A nation's hopes and dreams sit upon his young shoulders, but you would not know it to look at him. He stands proud, his training bib rippling in the wind, his mouth hanging slightly ajar. Once he simply belonged to Tottenham Hotspur. Now a nation calls him one of their own. And, for once, the hype was justified. It took Harry Kane a matter of seconds to open his account for England on Friday night in a 4-0 win over Lithuania. But regardless of that goal, his move to the senior side should only be temporary. He must return to the U21 team for the European Championships this summer.

Kane has had a magnificent season, impressing observers with his attitude as much as with his footwork. The goals have flowed freely -- 28 in 42 games in all competitions -- but it's his work rate that has won him the admiration of even rival supporters. He plays as if he's a supporter who has won a prize; he visibly feels every victory and every defeat. Football is cynical and mean, but Kane is a throwback to a time when you didn't always feel let down by your heroes. When you didn't feel compelled to defend them on social media in the face of overwhelming evidence of ratbaggery. And long may it continue.

But while he deserves his chance with the senior side, there is work to do elsewhere. England approach the U21 European championship with something that hasn't been in their armoury for some time. They approach it with hope. Gareth Southgate's side have won plaudits for the style of football they employ. They press high, they use the ball smartly, they do all of the things expected of the senior side. They may not prevail in the Czech Republic, but they've certainly got more chance than some of their predecessors.

Harry Kane is set to make his debut with England's senior side, but his talents would be a huge asset at this summer's U21 European championship.

England were annihilated at the 2013 tournament, beaten by Italy, Norway and Israel and finishing without a single point. Manager Stuart Pearce bemoaned his circumstances, complaining that no fewer than 17 players were unavailable for a variety of reasons. In the case of Alex Oxlade-Chamberlain, Phil Jones and Danny Welbeck, it was because they had travelled with the senior side for a friendly in Brazil.

"If you bring your best players," he said, "you stand a chance of winning the tournament." England did not bring their best players.

Similar thinking dogged the class of 2011. Jack Wilshere was omitted from the squad over fears of burnout. England were eliminated in the group stage, failing to win a single game.

Other nations take the tournament seriously. In 2013, the Dutch side boasted Kevin Strootman, Bruno Martins Indi, Daley Blind and a total of 65 senior caps. And they didn't even win it.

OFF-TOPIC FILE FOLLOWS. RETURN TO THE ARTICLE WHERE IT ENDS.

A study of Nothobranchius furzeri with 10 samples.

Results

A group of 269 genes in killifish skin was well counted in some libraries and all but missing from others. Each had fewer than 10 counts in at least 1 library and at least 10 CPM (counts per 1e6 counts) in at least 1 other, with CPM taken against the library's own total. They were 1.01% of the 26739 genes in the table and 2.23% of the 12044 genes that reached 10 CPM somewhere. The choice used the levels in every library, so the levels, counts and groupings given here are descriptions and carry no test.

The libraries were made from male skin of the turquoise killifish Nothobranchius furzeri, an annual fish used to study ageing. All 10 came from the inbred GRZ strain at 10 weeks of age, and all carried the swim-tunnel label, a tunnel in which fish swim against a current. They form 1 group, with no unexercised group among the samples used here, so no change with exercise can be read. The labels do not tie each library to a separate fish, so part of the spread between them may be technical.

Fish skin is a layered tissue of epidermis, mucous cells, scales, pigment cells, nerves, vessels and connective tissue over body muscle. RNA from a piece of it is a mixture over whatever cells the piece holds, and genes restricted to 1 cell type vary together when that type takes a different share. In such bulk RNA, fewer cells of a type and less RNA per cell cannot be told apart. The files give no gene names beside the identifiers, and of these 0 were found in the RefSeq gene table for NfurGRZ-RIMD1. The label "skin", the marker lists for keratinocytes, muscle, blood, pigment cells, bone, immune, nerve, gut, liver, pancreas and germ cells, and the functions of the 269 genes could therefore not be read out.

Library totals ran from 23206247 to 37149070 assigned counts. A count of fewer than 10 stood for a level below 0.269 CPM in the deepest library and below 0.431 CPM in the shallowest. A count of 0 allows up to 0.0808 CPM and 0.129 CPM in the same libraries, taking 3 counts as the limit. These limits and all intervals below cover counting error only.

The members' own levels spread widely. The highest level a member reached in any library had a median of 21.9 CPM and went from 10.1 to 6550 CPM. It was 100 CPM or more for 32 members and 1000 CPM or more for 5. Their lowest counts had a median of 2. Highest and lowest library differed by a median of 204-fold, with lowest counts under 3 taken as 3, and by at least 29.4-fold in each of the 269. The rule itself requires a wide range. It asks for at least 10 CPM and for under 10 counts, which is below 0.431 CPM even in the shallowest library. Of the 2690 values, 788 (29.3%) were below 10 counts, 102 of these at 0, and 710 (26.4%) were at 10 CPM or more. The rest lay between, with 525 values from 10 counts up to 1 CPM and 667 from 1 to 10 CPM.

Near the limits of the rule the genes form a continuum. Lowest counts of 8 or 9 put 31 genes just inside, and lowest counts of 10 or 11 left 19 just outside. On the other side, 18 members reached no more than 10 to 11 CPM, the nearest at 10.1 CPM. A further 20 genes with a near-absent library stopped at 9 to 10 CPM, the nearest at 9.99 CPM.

The suggestion that serious involvement in this competition offers more than just short-term benefits is not simply anecdotal. Have a look at the German side in 2009, who beat England 4-0 in the final. Mesut Ozil, Sami Khedira, Mats Hummels, Manuel Neuer, Jerome Boateng and Benedikt Howedes were all starters in the 2014 World Cup final. Javi Martinez and Juan Mata were U21 winners with Spain in 2011 and members of the victorious senior squad in 2012. Their goalkeeper on that day, David De Gea, is now one of the best on the planet.

Germany won 2009's U21 European championship behind a core of Benedikt Howedes, Mats Hummels, Mesut Ozil and Sami Khedira.

There has been a tendency in English football to rush players through, throwing them into the senior side early and then keeping them there. But that thinking has changed over the past 18 months. There is a far stronger relationship between Roy Hodgson and Southgate than there was with Pearce. This summer, Southgate has been told that he has clearance to choose the players he wants.

Not all players will welcome the prospect. Tom Ince has already asked not to be considered, though given that he chose Hull City above Internazionale last summer and that his camp told AS Monaco that he was worth as much as James Rodriguez, it's probably best not to trust his judgement. Not all available players will be chosen either. It is believed that Southgate is averse to damaging morale by replacing the youngsters who secured qualification with players like Raheem Sterling, who have long since established themselves in the senior side.

There are managers who will resent this as well. Even Roberto Martinez, a man you might think would be passionate about youth development, has asked for Ross Barkley to be left alone this summer. You can understand why; there is so much football and there are so few opportunities to rest. Martinez has very little to gain from English success. That will be a tense negotiation.

But for players like Kane, players who were key to the qualification process, there should be no question of their availability. If England are serious about winning major trophies -- stop laughing at the back -- then they should start the habit early. Take the youth tournaments seriously, build a culture of success, immerse the talent in competitive football. Who knows; perhaps they might not trudge home with their heads hung low this time.

Iain Macintosh covers the Premier League and Champions League for ESPN FC. Follow him on Twitter @IainMacintosh.